GBTA says new version is 'an improvement' on original executive order
08/03/2017

Pictured: Donald Trump's revised order bans foreign nationals from Sudan, Syria, Iran, Libya, Somalia and Yemen who don’t have a valid visa from entering the United States for 90 days

The Global Business Travel Association (GBTA) says it is going to monitor closely the implementation of Donald Trump’s revised travel ban.

The US president has issued a revised executive order following the initial travel ban that came out in January, which was halted by court order. The revised order bans foreign nationals from Sudan, Syria, Iran, Libya, Somalia and Yemen who don’t have a valid visa from entering the United States for 90 days. It will go into effect on March 16.

Michael W. McCormick, GBTA executive director and chief operating officer, said: “This travel ban is an improvement over the January 27 version, as it is narrower in scope and provides greater clarity about those travellers who would not be subject to the ban. The specific exemption for legal permanent residents, dual nationals and current visa holders will help mitigate confusion for the international traveling public.

“Any increased restrictions on passenger travel must be based in safety and security to ensure that the ability to travel is not impeded unnecessarily. It will remain a focus of the business travel industry to hold disruptions to a minimum, and we will continue to monitor the implementation of this ban closely.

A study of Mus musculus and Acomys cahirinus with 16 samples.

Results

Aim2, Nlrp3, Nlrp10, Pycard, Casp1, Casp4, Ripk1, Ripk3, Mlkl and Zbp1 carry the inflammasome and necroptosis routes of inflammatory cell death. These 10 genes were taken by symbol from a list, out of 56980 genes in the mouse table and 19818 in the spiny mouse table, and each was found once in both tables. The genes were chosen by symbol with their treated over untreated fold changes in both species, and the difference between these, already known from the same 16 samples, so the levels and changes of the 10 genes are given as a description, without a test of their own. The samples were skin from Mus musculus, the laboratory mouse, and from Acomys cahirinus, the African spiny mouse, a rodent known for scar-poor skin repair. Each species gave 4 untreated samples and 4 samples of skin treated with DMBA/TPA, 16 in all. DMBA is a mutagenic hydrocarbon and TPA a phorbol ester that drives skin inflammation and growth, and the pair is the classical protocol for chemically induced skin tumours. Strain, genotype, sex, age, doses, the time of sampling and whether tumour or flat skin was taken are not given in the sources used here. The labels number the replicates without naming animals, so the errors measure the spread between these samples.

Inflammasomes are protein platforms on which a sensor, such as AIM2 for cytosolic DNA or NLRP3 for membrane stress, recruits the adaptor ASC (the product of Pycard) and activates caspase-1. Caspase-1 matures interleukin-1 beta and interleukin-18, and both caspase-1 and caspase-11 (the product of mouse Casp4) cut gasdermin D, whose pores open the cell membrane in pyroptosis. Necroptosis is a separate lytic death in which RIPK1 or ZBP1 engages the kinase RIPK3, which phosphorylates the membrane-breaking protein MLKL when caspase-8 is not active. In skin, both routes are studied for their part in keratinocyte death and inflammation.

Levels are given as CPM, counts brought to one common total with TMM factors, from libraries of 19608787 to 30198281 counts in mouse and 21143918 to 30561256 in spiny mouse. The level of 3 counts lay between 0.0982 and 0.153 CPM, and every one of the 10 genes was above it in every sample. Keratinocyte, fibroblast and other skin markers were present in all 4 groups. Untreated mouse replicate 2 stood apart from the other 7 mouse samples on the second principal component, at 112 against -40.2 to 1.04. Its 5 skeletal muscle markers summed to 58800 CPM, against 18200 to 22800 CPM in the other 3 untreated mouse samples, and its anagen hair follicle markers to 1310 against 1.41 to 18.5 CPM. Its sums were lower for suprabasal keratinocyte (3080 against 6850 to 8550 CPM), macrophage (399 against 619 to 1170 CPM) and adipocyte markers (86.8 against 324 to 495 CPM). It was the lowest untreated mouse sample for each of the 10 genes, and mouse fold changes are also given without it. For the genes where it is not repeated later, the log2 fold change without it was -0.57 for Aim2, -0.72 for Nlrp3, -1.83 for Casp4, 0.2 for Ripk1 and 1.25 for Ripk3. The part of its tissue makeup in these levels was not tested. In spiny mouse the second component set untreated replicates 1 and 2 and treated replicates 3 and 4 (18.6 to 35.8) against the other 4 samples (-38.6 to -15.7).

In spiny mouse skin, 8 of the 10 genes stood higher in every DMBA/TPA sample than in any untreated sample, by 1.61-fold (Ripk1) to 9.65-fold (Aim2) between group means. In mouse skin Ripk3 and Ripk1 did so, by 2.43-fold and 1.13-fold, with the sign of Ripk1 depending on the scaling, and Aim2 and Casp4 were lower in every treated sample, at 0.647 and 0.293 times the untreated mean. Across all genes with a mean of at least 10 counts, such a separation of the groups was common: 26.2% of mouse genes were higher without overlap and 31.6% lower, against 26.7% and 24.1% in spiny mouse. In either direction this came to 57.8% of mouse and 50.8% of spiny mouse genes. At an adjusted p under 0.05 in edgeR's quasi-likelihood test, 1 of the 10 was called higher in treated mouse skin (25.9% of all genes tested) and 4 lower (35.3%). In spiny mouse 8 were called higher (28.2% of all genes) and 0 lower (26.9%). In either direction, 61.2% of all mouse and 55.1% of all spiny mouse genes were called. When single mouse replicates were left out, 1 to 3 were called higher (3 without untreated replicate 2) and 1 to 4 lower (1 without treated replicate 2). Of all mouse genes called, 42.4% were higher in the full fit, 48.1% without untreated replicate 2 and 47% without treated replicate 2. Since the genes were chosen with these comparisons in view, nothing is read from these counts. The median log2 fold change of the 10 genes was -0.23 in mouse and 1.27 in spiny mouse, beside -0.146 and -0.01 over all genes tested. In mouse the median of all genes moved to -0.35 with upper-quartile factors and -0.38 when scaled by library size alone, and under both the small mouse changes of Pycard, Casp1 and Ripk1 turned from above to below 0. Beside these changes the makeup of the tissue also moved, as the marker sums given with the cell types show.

“GBTA is also currently polling its global membership to assess the impact on business travel of this revised executive order and will share this information as soon as it is available.”

Under the revised executive order:
- The 90-day period will allow for reviewing and establishing standards to prevent terrorists and criminals from entering United States, according to a fact sheet from the Administration.

- Iraq, which is omitted from ban, will increase cooperation with United States in vetting its citizens applying for travel visas to the United States.

- In the first 20 days, the Department of Homeland Security will review identity and security information each country gives to the U.S. government to support visa and immigration determinations; countries will then have 50 days to comply with U.S. requests.

The order doesn’t apply to lawful permanent residents of United States or those with document that is valid on effective date of the order.